Monday, May 10, 2010

Nursing After a C-section

One of the hardest parts of my birth experience was not being able to nurse my son right away after my surgery. I remember the staff handing him to me in the operating room right after they unlashed my arms and they told me to hold him. "I can't feel my arms," I said.

"Of course you can! Just hold your baby!" they told me, shoving my burrito-wrapped baby into my body as they wheeled me down the hall. As soon as we passed my mom, I begged her to take Miles before he slipped from my hands, because I assure you, I could not feel or control my arms.

Though groggy, I knew I had a small window of his quiet alert period as my best bet to begin nursing. It was hard watching that ticking clock and knowing I was just too incapacitated to take advantage of the opportunity. Nevertheless, I was bound and determined that I would breastfeed this baby!

I'm not sure how much time passed, but I eventually felt like I could, or at least would like to try to, nurse. I still didn't have great control of my arms, but asked the midwife if she would help me out. Best decision ever! Shannon helped me to open my hospital gown and she positioned my baby on my chest for me and, now that I think of it, she held my breast for me, too. I remember feeling my son's little mouth searching around, trying to figure out what was going on, and then giving a little suck-suck. What a magical moment! It overpowered the drugs and made me feel really proud of myself.

I tried again every few hours and as I got more sensation and awareness back, my son and I got better and better at breastfeeding.

By mid-morning, my milk had come in, I had full control of my arms, and I was on my way to getting good at nursing a baby. Some of the things that helped me nurse right after my surgery were:
  • I was a total task-master about getting the lactation consultant in my room. I asked every time the nurses came to give me meds!
  • I asked each shift of nurses to check whether I was breastfeeding well, whether my son was latched on, and whether I had the c-curve hand position down pat.
  • The midwife told me about this amazing thing called side-lying nursing. Since sitting up, even with the support of the bed, was so painful, this ended up being a life-saver. Or at least a breastfeeding relationship saver! I learned to use 2 pillows and support my "down" arm along with my head to help my physical healing process and facilitate nursing.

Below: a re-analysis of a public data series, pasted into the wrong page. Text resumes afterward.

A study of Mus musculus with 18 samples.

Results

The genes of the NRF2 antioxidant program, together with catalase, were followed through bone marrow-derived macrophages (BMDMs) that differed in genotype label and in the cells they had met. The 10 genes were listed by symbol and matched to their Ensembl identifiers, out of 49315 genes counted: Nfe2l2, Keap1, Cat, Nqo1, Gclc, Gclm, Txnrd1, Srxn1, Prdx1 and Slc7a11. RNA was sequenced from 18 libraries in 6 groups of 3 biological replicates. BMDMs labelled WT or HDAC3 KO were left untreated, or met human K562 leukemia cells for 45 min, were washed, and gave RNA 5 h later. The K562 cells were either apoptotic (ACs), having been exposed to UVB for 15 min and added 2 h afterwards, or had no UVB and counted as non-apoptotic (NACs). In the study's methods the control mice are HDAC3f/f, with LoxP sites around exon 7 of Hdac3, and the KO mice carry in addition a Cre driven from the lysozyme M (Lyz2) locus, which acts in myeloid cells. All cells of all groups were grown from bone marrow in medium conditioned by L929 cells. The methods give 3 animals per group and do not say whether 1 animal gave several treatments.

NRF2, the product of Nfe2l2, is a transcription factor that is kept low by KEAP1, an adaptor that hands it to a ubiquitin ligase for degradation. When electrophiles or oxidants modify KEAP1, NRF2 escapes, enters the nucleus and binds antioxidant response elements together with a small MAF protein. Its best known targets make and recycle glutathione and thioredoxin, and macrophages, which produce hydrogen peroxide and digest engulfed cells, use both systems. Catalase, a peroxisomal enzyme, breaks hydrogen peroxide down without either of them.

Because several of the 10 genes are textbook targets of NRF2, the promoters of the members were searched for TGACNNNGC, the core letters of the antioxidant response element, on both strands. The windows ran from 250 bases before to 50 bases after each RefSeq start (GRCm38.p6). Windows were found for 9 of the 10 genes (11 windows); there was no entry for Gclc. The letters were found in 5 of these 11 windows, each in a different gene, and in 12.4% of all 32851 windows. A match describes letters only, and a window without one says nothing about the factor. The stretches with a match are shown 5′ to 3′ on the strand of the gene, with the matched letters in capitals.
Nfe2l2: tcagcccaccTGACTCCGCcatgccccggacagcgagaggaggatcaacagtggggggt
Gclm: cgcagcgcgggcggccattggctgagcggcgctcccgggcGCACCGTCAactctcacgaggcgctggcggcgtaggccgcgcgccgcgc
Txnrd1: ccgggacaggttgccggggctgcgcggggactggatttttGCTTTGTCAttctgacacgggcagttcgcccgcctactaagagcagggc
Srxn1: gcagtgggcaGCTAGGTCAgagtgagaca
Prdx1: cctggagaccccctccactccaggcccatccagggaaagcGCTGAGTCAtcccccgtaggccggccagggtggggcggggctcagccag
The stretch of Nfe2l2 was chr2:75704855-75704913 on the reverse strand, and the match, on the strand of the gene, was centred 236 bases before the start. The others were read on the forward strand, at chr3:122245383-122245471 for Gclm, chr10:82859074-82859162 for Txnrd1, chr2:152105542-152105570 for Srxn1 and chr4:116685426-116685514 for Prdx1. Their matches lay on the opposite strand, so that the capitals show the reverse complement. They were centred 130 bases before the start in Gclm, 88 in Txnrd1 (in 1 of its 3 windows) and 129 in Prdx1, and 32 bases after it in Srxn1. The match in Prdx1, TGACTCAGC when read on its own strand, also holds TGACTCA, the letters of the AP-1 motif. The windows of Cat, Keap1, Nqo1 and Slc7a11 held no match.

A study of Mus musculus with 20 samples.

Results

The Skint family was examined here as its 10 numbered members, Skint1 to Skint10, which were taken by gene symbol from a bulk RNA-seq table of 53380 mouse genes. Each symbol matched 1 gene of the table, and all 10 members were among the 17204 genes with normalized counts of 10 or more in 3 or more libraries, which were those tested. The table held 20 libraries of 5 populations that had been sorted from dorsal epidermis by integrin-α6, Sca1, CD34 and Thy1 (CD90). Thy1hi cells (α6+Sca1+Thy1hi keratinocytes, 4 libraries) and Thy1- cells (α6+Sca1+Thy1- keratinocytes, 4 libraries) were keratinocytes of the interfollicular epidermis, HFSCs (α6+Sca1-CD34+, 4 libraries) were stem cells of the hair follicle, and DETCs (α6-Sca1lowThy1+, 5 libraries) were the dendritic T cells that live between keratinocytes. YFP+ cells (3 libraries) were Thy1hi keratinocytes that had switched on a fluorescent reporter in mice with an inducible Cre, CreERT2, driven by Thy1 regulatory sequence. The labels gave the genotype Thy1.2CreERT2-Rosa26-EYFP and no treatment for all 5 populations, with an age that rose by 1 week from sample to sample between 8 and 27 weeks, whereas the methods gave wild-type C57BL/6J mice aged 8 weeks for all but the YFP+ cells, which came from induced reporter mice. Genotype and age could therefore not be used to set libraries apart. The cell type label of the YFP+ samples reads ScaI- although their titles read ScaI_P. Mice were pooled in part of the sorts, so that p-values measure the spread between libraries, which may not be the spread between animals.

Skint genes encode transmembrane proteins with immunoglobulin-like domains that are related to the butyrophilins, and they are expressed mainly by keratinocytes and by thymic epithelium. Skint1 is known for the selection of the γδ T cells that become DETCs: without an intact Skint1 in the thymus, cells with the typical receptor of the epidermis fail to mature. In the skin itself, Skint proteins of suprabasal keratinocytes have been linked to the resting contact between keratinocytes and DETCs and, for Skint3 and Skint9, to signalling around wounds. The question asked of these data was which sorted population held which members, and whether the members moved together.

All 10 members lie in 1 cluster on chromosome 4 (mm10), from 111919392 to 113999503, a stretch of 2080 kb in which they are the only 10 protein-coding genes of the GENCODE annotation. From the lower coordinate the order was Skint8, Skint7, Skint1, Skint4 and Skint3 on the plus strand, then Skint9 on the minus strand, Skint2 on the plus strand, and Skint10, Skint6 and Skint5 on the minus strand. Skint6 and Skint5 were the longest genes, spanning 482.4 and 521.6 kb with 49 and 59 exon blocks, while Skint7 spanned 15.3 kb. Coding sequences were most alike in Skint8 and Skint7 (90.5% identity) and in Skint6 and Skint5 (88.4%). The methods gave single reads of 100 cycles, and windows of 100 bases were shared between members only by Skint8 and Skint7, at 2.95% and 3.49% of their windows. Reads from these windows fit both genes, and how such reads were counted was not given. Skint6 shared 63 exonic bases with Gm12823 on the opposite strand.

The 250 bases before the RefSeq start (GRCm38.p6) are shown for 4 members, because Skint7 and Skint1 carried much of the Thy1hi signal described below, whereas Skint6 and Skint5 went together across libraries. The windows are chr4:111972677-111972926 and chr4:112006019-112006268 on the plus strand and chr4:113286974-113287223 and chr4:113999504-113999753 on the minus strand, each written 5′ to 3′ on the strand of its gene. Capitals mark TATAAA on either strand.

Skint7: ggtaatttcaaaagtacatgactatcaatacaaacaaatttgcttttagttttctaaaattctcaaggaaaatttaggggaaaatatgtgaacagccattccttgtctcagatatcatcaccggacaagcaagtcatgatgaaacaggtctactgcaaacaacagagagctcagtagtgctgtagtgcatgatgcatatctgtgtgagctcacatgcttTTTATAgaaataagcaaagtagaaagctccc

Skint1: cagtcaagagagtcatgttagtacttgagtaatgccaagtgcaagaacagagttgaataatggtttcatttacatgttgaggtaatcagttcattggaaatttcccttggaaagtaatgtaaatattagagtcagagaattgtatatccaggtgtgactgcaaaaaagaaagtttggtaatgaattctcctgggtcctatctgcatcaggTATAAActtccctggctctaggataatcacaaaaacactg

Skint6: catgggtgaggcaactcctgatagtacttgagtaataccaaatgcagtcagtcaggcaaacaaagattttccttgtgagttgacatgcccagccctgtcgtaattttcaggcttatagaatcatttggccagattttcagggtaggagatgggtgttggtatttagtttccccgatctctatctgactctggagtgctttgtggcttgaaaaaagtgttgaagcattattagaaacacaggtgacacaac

• I had a pediatrician who totally supported breastfeeding. He watched my son nurse at each of his first few appointments.
  • I went to a La Leche League meeting as soon as I was able and one of the leaders watched me nurse and gave me some tips.
The point is that I whipped out my boob to anyone who seemed like he/she would have some educated or experience-based advice to offer me. I threw my modesty out the window and switched my whole focus to nursing, especially since my surgical experience might statistically hinder our success rate.

Even with all this help, I had a bear of a time and still sometimes struggle. But I still love seeking nursing support!

What are some things that other moms did post-surgery to facilitate the breastfeeding relationship?


  1. Wow, Katy! You sure were dedicated!
    I also was afraid to hold my son after surgery, let alone try to nurse him! He was born at 9:45pm and I was not able to make an attempt until the morning. Unfortunately, the hospital lactation consultant came by before my drugs wore off, and so she was no help to me. The nurses were not very good about showing me what to do either - and, frankly, I was too exhausted to ask or complain. Luckily, I had done A LOT of reading on the subject beforehand, so I just used this knowledge, followed my instinct, and my milk production eventually increased on about the 4th day postpartum. My son was a chronic 'nipple nurser' which caused me a lot of pain and frustration. I was sore, engorged, and feeling pretty hopeless. After 2 weeks, I found that a local hospital had a nursing support group for anyone in the area who had a baby less than 6 weeks old. It was free, even though I didn't deliver there. It only took one visit to adjust our latch technique, a few more weeks to really get it right (thank goodness for nipple shields!), and at 5 weeks old, my son and I were nursing like champs! We continued this relationship until he was about 7.5 months old, and I am so glad that I persevered and eventually sought out the support I was lacking!

  2. Thanks for sharing your story, Monica. Isn't it funny how we wait to seek help until things get really bad? And then once we find the assistance (at least for me) I can't believe how amazing the solutions are.